Friday, November 19, 2010

Yogurt: A chacun son goût

photo by Erwan Frotin

I had forgotten some of the less desirable gifts of a lengthy course of antibiotic.  Let's just say that Fred is keeping me well supplied with low fat plain yogurt, the only kind I will eat.

That's not true.  I think there is nothing finer than Greek yogurt with pungent little sides -- a coarse chop of cucumber, parsley, green onion, garlic and dill (or a good commercial Tzatziki dip); a dense dark honey; and  cherries or coconut with crystallized ginger.  I have a friend who gets a rabid look, juts out her foreign bony elbows, and carefully sprinkles kosher salt and habanero pepper slivers over a layer of Greek yogurt spread on a plate to a thickness of about 3/4 of an inch.  [You'd best not bother her for a while... and it is not recommended that you flit about crying "caga fuego," either, no matter how funny you think you are.]

I actually prefer a bitter yoghurt, but that fact might only be interesting, or even appropriately mentioned, were this a yogurt blog, which is a thought... Hmmm.  A collection of odes, a serial novel situated in a sunny Mediterranean isle...  Anyway, loving the tang of things, I prefer a Greek yogurt of sheep's milk, which can be hard to locate, believe it or not, here in the deep, deep wilds of Tête de Hergé (très décédé, d'ailleurs).  It's a legal thing, having something to do with how sheep cultivation is prohibited west of Our Sole Central Alp, known locally simply as "The Alp."  To complicate matters, there is some daunting algorithm in force that determines yogurt export-import ratios, and expresses the rare availability of this Hellenic dairy treat according to the Chinese lunisolar calendar. 

Sometimes I get a headache and simply cannot cope. 

Last year, Fred spent a few nights sacked out on the horsehair divans in the Haddock Reception Hall.  I know, I know, it hardly seems possible that such a refined clan would invest in antique horsehair furniture, but upon researching the history of the room, the apparent detour from tastefulness was justified as actually being a clever choice. I gave a cursory explanation in a piece called, appropriately, War and Peace: I Have the Power When I'm in the Shower:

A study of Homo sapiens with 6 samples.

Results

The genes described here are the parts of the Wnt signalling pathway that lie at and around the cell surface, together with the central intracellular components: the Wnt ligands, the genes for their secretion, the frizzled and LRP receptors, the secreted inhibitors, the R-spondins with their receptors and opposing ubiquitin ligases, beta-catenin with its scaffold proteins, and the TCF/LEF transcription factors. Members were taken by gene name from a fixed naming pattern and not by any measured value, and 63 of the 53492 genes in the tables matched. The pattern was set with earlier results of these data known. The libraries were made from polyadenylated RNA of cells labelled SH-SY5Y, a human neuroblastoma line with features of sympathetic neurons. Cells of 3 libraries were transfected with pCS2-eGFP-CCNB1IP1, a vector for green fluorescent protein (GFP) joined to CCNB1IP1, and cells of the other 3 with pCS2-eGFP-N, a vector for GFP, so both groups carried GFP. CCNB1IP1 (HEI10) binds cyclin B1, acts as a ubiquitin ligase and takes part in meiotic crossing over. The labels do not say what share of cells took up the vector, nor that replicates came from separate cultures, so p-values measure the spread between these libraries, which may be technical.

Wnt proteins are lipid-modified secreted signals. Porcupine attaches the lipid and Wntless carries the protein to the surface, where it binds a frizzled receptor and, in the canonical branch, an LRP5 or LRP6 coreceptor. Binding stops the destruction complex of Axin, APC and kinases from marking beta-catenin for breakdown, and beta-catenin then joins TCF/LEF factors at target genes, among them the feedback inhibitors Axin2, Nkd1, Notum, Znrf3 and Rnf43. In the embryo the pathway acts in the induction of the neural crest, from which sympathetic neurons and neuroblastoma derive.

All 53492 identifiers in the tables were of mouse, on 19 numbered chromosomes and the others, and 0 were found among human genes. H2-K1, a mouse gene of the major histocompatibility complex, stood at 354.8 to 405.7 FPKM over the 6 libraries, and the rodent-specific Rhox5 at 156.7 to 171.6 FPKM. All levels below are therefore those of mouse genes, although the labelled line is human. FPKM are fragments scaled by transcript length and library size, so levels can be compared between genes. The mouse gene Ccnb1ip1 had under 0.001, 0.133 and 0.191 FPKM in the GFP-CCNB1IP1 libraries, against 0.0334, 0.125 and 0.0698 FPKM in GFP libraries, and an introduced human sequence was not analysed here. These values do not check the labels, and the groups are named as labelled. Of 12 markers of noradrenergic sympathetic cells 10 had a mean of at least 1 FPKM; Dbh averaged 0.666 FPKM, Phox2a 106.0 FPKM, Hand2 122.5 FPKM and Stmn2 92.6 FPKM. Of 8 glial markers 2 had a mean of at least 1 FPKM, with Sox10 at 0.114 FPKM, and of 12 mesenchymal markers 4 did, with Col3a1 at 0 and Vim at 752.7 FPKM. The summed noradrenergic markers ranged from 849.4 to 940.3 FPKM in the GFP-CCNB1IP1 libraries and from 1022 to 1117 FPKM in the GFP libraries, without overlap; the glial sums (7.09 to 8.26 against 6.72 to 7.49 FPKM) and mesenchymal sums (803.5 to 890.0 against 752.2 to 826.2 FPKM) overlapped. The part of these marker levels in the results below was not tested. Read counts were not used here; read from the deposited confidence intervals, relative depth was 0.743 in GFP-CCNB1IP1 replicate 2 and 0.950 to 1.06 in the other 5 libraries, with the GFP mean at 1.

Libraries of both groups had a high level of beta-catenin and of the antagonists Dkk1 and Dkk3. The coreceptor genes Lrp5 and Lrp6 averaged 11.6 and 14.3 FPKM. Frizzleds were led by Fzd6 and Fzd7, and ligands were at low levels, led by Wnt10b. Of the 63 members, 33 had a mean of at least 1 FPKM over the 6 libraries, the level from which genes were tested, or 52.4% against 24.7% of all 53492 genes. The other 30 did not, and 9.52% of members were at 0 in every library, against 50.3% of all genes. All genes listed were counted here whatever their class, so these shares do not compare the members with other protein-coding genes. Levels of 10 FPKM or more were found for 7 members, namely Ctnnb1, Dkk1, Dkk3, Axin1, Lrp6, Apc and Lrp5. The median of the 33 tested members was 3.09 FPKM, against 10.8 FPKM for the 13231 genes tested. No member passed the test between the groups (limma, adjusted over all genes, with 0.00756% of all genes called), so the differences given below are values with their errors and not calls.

Have a seat on the red horsehair loveseat over yonder. It's one of the few Victorian Pieces in The Manor. {guffawandsnicker} Go figure, huh? Captain Haddock's more recent ancestors were a wily people, a sang froid of common sense running in their blue, blue veins.

The space that we are in today served them as Reception Hall during the American Civil War, and for roughly 60 years afterward. Back then, it was worth their Snooty While to allow a more plebeian sort of individual to attend the legendary Marlinspike Hall Afternoon Teas.

But a few changes were necessary, so as to honor their actual intent.

Horsehair furniture. Horsehair as stuffing, horsehair as "fabric." *Small* furniture of unwieldy proportion, shape, and style. American furniture! To provide the necessary Provenance of Snoot, most of it was purchased from a small dealer specializing in the paraphernalia and artifacts of Abraham Lincoln.

We're talking austere. And sturdy.

But mostly? We're talking un-freaking-comfortable! Somehow, some way, the earthier visitors to The Manor found that the rich folks' furniture variously pinched their derrières, squeezed their oversized working class thighs, and often made them break out in an itchy rash. Slowly but surely, word spread, and the afternoon receptions thinned out, freeing up The Haddocks for their beloved Tea Time Mahjong Tournaments.
Oh!  Why was Fred banished to La Recepción and its discomforts?  The man actually brought home -- and I still shudder at the memory -- nonfat Greek yogurt.  That was when we first made the acquaintance of Abbot Truffatore because nothing short of monastic couples' counseling was going to restore our relationship.

Anyway, to preserve the notion of Greek yogurt as an occasional treat, I restrict myself to a generic supermarket version of plain low fat blended yogurt that I usually doctor with vanilla extract and eat as I read the novel du jour at the end of the day.

Which I am off to do, right now.  [God, I love my optimism!]